Volume 164: debated on Monday 8 January 1990


The decision not to uprate child benefit does not appear to be terribly popular. Does my right hon. Friend agree that because of the low take-up of means-tested benefits compared to child benefit, the freezing of child benefit for a three-year period hits poorer families particularly hard?

No, I do not agree with that. It is well known that, because of the way in which the system works, an increase in child benefit does nothing for the least well-off families and for those on income-related benefits. What we have been able to do with some of the resources made available is to improve the benefit for the least well off, and for families that includes a quarter of the nation's children. We must recognise that no conceivable increase in child benefit could do as much for low-income families who are in work as family credit now does.

Does the Secretary of State agree that he was one of the supporters of child benefit? What has changed? How can he come to the Dispatch Box now and defend the freezing of child benefit?

The question whether one is a supporter of child benefit is different from the question whether to increase child benefit as opposed to the other steps that could be taken with the money available. What I was able to do, as I set out in the uprating statement, was to give far more help to the least well-off families than an increase in child benefit would have done, and it did far more for disabled people and families with disabled children.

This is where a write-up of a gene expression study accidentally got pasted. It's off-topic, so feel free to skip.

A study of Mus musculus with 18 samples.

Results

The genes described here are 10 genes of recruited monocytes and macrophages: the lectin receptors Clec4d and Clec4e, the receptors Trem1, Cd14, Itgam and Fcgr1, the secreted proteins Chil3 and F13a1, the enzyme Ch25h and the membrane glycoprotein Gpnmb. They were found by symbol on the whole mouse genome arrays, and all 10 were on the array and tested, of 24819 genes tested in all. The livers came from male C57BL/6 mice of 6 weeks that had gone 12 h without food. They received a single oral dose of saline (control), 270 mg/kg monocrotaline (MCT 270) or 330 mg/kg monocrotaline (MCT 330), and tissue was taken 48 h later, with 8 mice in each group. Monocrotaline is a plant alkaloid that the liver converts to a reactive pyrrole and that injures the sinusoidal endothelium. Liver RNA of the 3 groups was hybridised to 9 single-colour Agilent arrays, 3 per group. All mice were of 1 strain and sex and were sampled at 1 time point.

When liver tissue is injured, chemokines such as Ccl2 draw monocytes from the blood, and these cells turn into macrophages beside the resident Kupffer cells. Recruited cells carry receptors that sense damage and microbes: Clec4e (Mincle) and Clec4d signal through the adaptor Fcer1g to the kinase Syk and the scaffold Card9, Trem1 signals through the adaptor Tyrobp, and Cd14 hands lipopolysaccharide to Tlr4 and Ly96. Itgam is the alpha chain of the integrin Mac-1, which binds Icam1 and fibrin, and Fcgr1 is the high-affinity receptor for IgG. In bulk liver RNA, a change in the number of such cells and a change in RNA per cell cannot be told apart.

I applaud my right hon. Friend's intention to help the least well off. Will he assure the House that more than 50 per cent. of those who are due to receive benefits under the new system are getting them?

I assure my hon. Friend that the take-up campaign that we waged last spring was extremely effective in raising the number of people receiving family credit, and I welcome that. The number increased by some 40,000 to about 320,000, and we are currently running a further advertising campaign, which I hope will contribute to making the benefit as effective as we would like it to be.

Does the Secretary of State accept that child benefit is a universal benefit, with almost 100 per cent. take-up, and that it is paid to the mother? It is often the only income that she has to herself, of right. Why does the right hon. Gentleman not say, even at this late stage, that he was wrong to cave in to the Prime Minister's Victorian attitude, and that he will uprate child benefit?

Family credit is also normally paid to the mother. The average payment of family credit is now £25 or £26 a week, and over a third of the payments are more than £30 a week. There is no doubt that family credit does more for low-income families in work than child benefit could.